Osborne is committing state violence against women with his cuts - and that will continue in the Autumn Statement

Ironically, the Chancellor will continue his economic attack on women during the UN International Day to End Violence Against Women

George Osborne's austerity measures are set to continue
George Osborne's austerity measures are set to continue

This is a sobering week for women’s liberation in the UK. Tomorrow, our Chancellor will announce further austerity measures on the UN International Day to End Violence Against Women. This coincidence would be darkly funny if it wasn’t so devastating. Make no mistake: austerity is state violence against women.

Osborne’s spending review is book-ended by two grassroots protests organised by workers in the domestic violence support sector, taking to the streets in revolt against the austerity measures that have forced life-saving services to close. Last Saturday, Apna Haq, a specialist Asian women’s service in Rotherham threatened with closure, rallied outside parliament to demand that Osborne “just let us get on with our work”. This coming Saturday, Sisters Uncut will host a funeral march to commemorate all the support services that have been closed since Osborne came into power.

The saddest part of all this is that specialist domestic violence services were founded by women who were sick of seeing their sisters die, and fought for the state to take responsibility for them. When state funding finally came, the UK took a huge step forward in advancing women’s safety. Merely decades on, the removal of state funding signals that the government is not just turning its back on women, it’s turning back the clock on women’s liberation. And remember, tomorrow this will happen on a day dedicated for the world to take stock and strategise for progress on ending violence against women.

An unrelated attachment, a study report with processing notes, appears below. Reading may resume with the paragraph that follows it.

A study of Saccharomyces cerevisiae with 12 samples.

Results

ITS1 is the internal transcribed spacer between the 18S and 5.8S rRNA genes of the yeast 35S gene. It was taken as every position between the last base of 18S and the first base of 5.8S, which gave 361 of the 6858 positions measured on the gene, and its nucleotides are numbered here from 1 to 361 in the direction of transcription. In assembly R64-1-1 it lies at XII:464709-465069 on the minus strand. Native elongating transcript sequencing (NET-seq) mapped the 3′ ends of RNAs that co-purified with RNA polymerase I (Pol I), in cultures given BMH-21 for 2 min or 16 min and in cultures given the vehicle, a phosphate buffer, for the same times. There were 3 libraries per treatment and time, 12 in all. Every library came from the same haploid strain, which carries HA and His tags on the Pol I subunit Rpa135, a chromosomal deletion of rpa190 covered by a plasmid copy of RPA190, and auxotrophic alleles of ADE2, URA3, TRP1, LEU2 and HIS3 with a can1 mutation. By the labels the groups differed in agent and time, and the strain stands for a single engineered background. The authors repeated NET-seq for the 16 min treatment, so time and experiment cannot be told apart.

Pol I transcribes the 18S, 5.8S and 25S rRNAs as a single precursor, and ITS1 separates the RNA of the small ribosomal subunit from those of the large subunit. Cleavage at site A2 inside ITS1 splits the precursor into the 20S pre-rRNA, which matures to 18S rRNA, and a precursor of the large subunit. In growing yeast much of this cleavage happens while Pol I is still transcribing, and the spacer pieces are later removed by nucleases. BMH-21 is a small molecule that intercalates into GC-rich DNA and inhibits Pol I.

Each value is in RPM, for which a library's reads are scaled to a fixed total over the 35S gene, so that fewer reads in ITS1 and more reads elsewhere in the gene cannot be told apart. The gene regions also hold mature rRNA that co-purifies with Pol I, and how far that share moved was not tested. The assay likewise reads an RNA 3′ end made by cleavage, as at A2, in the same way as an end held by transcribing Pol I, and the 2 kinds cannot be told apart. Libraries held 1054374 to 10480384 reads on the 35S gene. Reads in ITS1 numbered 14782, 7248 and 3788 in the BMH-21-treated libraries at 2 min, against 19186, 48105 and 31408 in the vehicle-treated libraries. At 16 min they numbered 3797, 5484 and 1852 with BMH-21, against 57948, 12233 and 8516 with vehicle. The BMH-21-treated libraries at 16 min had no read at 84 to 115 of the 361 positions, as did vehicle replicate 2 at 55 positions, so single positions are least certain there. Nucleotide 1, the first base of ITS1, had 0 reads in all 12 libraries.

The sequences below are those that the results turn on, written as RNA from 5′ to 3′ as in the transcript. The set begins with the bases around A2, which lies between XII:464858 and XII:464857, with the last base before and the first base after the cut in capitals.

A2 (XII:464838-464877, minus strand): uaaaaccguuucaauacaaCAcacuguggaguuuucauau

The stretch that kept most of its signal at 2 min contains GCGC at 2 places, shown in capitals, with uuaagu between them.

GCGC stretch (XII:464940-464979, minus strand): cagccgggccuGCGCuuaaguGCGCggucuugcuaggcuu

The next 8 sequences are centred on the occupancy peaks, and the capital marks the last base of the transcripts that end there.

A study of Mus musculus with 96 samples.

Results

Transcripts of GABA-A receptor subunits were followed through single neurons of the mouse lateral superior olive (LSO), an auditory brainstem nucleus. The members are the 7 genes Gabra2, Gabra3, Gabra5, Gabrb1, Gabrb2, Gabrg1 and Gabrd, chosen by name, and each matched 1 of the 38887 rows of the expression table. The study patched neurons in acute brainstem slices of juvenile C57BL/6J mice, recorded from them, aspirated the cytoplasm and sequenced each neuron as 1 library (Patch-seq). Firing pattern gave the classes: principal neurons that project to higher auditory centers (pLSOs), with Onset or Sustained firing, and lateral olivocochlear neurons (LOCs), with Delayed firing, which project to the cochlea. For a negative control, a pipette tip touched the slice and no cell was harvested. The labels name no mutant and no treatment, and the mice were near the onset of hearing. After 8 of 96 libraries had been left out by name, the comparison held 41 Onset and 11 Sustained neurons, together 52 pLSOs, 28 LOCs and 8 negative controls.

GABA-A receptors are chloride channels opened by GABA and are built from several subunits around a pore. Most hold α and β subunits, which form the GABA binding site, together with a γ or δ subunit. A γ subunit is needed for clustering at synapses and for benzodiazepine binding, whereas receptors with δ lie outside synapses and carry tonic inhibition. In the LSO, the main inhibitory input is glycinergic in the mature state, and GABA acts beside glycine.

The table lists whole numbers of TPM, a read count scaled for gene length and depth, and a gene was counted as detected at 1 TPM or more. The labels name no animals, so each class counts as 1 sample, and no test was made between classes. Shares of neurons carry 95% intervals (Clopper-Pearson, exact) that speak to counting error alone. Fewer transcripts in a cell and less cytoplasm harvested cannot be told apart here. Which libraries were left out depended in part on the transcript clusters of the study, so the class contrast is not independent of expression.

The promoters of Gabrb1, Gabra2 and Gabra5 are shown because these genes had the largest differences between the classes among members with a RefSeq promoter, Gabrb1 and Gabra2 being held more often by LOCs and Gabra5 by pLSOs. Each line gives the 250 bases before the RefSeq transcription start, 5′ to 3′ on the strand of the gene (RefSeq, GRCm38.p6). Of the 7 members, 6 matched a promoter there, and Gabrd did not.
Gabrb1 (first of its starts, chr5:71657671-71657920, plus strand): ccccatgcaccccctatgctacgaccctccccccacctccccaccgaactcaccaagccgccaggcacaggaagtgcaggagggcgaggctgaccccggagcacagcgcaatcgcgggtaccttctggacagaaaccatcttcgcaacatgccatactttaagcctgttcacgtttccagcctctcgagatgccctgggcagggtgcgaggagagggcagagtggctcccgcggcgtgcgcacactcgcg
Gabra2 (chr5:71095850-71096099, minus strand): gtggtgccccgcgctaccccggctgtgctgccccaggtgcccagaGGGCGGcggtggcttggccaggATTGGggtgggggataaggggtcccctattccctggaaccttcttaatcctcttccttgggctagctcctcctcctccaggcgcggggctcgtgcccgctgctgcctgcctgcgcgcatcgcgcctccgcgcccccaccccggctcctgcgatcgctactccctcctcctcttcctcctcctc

We use words like ‘cut’ and ‘slash’ to describe austerity, so how can we deny that it is economic violence? And when it is women’s services at the receiving end of such brutal assaults, austerity becomes state violence against women that reinforces interpersonal violence against women. What better way to assist perpetrators than make it almost impossible for their victims to receive the support they need to flee?

In his July budget, Osborne threw the women’s sector a bone: announcing £3 million of funding for domestic violence refuges. At surface level, this sounds great. We already know that a third of women referred to lifesaving refuges are being turned away; however, austerity is the very reason these services are struggling. We need long term, systemic solutions. A short term cash ‘injection’, delivered at the whim of the doctor-Chancellor, will never cure the pandemic of domestic violence in the UK.

Even if Osborne makes another pledge to invest in women’s safety tomorrow, steep reductions in local government spending (which is how many local support services are funded), changes to housing benefit and a total aversion to investment in social housing all amount to a devastating picture for women seeking safety. What’s more: the general climate of austerity itself makes women financially vulnerable, which also makes it harder for them to flee violence and live independently.

More than anyone else, domestic violence services understand the abusive dynamics of power and control. Nauseatingly, this is exactly how the current relationship between Osborne and domestic violence support services works. Like many women currently trapped in abusive situations, domestic violence services are navigating and negotiating their survival while bracing themselves for the next hit - knowing it’s going happen, but just not quite sure when, where, or how hard.